Social media training wheels

Facebook is supposed to be for people over 13-years-old, however anyone reading this who has been greeted by an age restriction, when at the time they didn’t meet the age requirement, will know what this ‘age restriction’ is the equivalent of a flimsy wooden gate trying to stop a tsunami. The number of kids on Facebook under the age of 13 in 2011 was 43%. In 2017, I imagine that figure has grown significantly.

So in light of the growing number of under 13's using Facebook, the global machine has been developing a new product especially for children. Creatively titled ‘Messenger Kids’ (give that marketer a pay rise) Facebook has now unveiled their new social media platform specifically designed for children below the age of 13. They want to drive home the idea of safety around this platform. For example, heavy parental controls that includes approving each friend request for their child. Facebook have also clarified that no data will be collected from Messenger Kids for marketing purposes, or carried over to the “grown up Facebook” which we can only assume kids will transfer across to when they hit the magic 13.

I can see why Facebook are doing this. If you look at the stats, Facebook struggles with the age demographic 6 to 12 year-olds. Snapchat and other social media platforms are ‘capturing the attention’ of this demographic before Facebook can.

So what is the problem with Messenger Kids and Facebook for kids? We have been assessing some of the commentary...

Issue number 1 – They’re kids.

Companies want to sell a product or service. Children are current and future consumers. This I understand. However, there are heavy restrictions on what you can advertise to children in this day and age. Unhealthy food? Not a chance. Violent games? Dream on. The list goes on for a while. But it seems that social media doesn’t have any restrictions - both in the selling of the product itself and also the selling of products and services through the platforms.

Issue number 2 – Kids are on the social media treadmill earlier

The big social and moral question is this: "what age is the right age for social media"? Many people start these debates with their friends on social media and I always read with interest. 'My son wants an Instagram account - do I let him? he is 8 years old". This is followed by 50+ comments from parents wondering the same thing and the debate is started. Some people say yes and others say no. There is the occasional insult or a virtual rolling of the eyes when someone says that their kid has been on Snapchat since they were five and no harm has been done so far. My question in response is always this: what is social media replacing? Time with family and friends, time with the dolls house, quality time outside in the garden or the park? We can't escape social media in adulthood but is there any harm on holding off a little longer so our children experience childhood? It's a personal parenting choice.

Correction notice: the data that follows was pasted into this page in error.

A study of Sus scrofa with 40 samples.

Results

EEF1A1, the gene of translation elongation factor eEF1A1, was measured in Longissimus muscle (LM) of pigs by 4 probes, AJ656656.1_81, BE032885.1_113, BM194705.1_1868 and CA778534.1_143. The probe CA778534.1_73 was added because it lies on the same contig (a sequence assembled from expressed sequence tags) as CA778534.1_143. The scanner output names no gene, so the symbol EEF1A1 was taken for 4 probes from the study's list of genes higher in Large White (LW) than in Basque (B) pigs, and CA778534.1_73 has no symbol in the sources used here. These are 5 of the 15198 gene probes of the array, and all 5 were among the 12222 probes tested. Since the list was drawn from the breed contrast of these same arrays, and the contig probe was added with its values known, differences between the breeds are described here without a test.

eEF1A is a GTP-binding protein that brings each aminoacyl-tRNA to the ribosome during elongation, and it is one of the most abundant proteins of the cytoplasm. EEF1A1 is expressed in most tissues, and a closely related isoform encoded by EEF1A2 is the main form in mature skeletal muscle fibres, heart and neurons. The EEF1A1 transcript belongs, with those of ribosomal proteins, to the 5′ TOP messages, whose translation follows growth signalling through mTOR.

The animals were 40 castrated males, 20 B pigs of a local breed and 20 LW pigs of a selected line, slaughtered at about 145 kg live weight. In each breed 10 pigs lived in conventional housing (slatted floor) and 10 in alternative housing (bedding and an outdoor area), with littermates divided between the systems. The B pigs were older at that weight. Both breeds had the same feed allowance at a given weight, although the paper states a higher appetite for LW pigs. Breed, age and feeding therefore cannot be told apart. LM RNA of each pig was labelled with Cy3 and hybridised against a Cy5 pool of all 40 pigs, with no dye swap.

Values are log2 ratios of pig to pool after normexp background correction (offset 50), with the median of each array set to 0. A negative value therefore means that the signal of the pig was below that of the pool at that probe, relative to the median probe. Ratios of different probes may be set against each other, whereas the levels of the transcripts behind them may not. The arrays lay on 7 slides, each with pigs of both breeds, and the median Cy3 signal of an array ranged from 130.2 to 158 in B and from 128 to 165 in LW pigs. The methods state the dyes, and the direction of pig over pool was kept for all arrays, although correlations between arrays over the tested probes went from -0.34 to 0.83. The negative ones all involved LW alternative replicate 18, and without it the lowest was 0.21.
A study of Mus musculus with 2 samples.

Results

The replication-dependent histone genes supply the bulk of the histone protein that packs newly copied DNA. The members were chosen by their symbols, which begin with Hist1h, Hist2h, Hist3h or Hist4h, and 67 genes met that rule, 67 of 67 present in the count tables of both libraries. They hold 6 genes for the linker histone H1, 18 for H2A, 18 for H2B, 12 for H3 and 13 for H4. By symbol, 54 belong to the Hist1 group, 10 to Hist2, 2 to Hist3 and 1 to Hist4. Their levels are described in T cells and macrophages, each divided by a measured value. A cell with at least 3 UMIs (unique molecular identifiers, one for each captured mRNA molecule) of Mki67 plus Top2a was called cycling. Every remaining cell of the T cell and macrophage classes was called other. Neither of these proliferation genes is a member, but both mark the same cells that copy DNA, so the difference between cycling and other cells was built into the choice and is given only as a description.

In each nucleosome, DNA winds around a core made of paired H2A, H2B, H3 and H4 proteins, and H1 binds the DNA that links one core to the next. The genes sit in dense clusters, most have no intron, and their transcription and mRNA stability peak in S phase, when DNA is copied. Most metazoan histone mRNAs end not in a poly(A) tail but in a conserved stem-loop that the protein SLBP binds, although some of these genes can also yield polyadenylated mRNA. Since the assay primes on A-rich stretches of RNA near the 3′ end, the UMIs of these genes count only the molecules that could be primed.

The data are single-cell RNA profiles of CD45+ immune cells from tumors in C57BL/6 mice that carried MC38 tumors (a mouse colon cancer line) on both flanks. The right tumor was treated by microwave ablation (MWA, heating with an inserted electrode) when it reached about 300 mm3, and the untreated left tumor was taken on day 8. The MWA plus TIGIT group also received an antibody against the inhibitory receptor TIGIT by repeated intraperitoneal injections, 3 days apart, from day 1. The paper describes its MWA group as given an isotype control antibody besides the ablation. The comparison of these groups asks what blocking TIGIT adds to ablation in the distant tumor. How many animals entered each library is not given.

Issue number 3 - Social media can harm. Or can it?

Many people think social media is doing more harm than good. Tapping into my cynical side, I do worry that with the recent research highlighting that suicide among teenage girls is still rising, we are gradually allowing children to be exposed to modern pressures of society at a earlier age.

It has also been recently revealed that YouTube has been experiencing issues with ‘predatory accounts’ with estimates as many as 100,000 accounts leaving “inappropriate comments” on videos. This can't be good for our mental health.

It’s not just Facebook that are noticing this and adapting to the younger market. Amazon have recently revealed a service that allows 13 to 17-year-olds that “will now be able to get login credentials that are associated with their parent’s Amazon account.” YouTube also recently revealed the addition of ‘kid profiles’ for their video platform. Similar to Messenger, it involves heavy parental controls, however nonetheless, it’s still another digital platform that will pull children into the digital world sooner than ever before.

We can't ban social media and we wouldn't want to. but we could do more to show children the joys of life outside the social media bubble. Because it's great in the real world.